Farm input orders disrupted by Brexit fallout

Farmers were unable to place orders for many key inputs today (24 June) as markets were disrupted by the fallout from the referendum result.

Fertiliser and seed terms were withdrawn early in the day, after some very keen new-season nitrogen prices had been offered early in the week.

Fuel prices were available but came through much more slowly than usual this morning, said traders.

Red diesel had put on about 0.5p/litre by mid-morning to put most deliveries for early next week in a range from 42-42.5p/litre (for a 5,000-litre drop).

See also: Brexit vote spells huge uncertainty for UK agriculture

At buying group FramFarmers, Laura Buckingham, head of the arable inputs team, said there was great uncertainty in all markets, although fierce competition in the agrochemicals market meant that this sector was less likely to be less disrupted than others, with a flat outlook for prices.  

Orders for UK ammonium nitrate (AN) could still be placed this morning, said her colleague Annie Buckingham, seed and fertiliser manager at the group.

However, all other fertiliser business was closed and UK AN books were expected to close before the end of the day.

Seed books had also been closed until grain markets settled.

Feed markets

Feed markets were less restricted in terms of being able to do business but prices for US dollar-priced products rose. For example, soyameal, in an already very volatile market, had risen by up to £12/t by lunchtime Friday. This put bulk tipped material on to farm at about £348/t delivered spot or for winter.

“The moves are very much currency related. Business has not stalled but prices are live for a very short time and there is uncertainty in all markets,” said FramFarmers head of purchasing Tim Styles of feed markets.

A lower pound should bring advantages for grain and livestock exports and, if sustained, could also mean a higher BPS payment when the rate is set at the end of September.

Benjamin Bodart of arable market analyst CRM said that while the short term could bring a rise in commodity exports, the world was awash with wheat, with record yields reported in Russia and the US, more feed wheat in Europe and Ukraine and improving conditions in Canada and Australia.

“We anticipate an increase in volatility but bearish fundamentals are still present and undeniable.”

Farmland market

Bidwells’ Jonathan Armitage expected that the outcome of the vote would lead to reduced activity in the farmland sales and lettings markets and a reduced level of investment generally.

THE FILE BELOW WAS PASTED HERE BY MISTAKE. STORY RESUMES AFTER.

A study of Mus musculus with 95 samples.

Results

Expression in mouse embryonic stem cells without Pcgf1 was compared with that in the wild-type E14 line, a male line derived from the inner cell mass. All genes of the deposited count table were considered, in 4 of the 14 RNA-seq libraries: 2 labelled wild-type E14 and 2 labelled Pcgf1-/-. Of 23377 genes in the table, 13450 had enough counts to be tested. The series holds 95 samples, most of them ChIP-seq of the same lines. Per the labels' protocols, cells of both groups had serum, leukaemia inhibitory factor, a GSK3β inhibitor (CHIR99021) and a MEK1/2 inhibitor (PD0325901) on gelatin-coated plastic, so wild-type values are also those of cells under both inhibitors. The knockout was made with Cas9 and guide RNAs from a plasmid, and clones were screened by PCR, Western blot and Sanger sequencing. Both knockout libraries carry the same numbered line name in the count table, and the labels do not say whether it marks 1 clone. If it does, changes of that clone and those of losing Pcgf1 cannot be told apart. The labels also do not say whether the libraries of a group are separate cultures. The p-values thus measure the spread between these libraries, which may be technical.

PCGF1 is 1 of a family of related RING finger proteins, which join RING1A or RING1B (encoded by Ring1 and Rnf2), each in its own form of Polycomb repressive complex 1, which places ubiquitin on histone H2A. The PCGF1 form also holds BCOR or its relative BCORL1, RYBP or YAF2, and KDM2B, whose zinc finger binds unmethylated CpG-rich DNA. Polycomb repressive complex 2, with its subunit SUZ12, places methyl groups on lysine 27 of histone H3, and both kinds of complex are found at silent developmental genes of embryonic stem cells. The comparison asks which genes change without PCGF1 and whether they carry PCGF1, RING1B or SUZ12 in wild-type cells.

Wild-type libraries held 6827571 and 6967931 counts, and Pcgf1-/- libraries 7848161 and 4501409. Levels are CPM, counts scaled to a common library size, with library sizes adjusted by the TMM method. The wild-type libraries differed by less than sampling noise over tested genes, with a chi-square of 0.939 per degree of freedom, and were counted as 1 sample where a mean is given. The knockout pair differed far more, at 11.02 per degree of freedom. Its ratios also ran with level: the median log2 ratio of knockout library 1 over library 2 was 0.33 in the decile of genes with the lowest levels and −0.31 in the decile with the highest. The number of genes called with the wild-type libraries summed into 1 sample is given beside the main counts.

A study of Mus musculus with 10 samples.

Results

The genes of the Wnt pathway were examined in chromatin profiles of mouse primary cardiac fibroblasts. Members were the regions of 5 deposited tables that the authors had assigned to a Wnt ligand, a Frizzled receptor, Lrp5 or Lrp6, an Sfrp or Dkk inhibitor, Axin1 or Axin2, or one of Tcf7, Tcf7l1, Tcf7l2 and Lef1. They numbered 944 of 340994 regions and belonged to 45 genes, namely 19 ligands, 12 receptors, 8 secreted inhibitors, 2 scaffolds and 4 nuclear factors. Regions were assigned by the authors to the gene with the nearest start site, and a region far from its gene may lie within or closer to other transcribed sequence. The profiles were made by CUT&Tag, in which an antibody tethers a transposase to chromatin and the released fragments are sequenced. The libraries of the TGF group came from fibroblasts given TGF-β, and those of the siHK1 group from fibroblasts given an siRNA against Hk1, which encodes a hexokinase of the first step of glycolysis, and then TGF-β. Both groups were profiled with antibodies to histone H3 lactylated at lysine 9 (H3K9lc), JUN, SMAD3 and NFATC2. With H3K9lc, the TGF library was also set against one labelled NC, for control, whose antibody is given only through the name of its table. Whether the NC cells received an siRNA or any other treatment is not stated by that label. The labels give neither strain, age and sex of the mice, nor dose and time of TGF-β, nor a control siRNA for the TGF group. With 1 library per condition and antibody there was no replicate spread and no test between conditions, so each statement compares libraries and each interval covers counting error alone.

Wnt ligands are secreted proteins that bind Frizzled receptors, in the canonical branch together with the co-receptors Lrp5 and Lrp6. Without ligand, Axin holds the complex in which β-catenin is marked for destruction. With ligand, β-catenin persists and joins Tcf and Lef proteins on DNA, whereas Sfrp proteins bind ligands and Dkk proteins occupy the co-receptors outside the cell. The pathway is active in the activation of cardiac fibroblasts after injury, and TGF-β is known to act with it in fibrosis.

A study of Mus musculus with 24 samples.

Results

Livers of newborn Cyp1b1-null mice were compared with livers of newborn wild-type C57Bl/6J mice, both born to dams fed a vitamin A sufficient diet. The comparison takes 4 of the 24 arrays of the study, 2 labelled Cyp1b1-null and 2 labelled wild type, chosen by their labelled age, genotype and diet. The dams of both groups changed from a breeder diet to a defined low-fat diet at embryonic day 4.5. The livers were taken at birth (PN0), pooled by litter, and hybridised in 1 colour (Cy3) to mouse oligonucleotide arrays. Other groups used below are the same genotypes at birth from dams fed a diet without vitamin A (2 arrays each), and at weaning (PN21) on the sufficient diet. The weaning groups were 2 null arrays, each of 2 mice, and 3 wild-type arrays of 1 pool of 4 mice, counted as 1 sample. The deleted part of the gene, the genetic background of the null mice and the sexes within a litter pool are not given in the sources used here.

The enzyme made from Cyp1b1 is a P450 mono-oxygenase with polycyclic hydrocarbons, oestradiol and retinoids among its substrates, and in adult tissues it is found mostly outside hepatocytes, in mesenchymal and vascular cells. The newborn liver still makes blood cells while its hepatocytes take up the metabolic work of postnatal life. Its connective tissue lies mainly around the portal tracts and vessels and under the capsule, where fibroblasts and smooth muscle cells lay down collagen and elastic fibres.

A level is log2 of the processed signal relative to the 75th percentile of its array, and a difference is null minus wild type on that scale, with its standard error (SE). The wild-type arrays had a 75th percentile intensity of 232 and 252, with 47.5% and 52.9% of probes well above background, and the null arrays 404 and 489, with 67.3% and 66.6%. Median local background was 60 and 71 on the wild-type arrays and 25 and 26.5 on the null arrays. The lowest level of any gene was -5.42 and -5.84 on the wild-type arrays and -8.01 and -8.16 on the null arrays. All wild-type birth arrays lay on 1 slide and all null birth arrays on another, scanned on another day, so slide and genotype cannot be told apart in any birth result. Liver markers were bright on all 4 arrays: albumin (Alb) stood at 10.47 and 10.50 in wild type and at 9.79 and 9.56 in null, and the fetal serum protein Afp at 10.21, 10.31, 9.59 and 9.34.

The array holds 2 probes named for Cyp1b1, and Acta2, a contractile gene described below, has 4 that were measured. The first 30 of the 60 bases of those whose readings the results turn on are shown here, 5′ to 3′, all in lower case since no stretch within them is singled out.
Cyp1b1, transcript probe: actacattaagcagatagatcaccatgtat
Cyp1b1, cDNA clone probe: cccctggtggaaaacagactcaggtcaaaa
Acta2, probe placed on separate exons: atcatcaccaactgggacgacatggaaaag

Apart from the immediate commodity price effects of the result, Will Gemmill, head of farming at Strutt & Parker, warned that longer-term issues needed to be kept in mind when making farm management decisions.

“Over the medium term there are crucial questions about the level of support UK farmers will be paid and the terms of any trade deals struck with the EU and the rest of the world.

There is also the issue of how to deal with global problems such as climate change, energy security and environmental protection.

“Until we have more answers, any farmers signing tenancy or Contract Farming Agreements would be wise to include a clause reserving the right to review the terms in view of any change in levels of support.

Michael Fiddes, S&P’s head of estate and farm agency, called on the UK government to reveal its intentions to farmers as quickly as it could.

“What markets hate more than anything is uncertainty and a vote to leave will inevitably create a great deal of uncertainty about the future of our agricultural policy as we move outside of the CAP.

“This is likely to have a negative effect on the UK land market at a time when prices are already under pressure because of falls in farming profitability.

Farmers remain the largest buyers of farmland in the UK, so any changes in income as a result of changes to the subsidy system will have an impact.

“It is essential that the UK government makes very clear, at an early stage, what their replacement farm policy will look like in order to enable farmers to plan with certainty.

Until we have greater clarity, buyers could be reluctant to invest, which will put downward pressure on the land market.”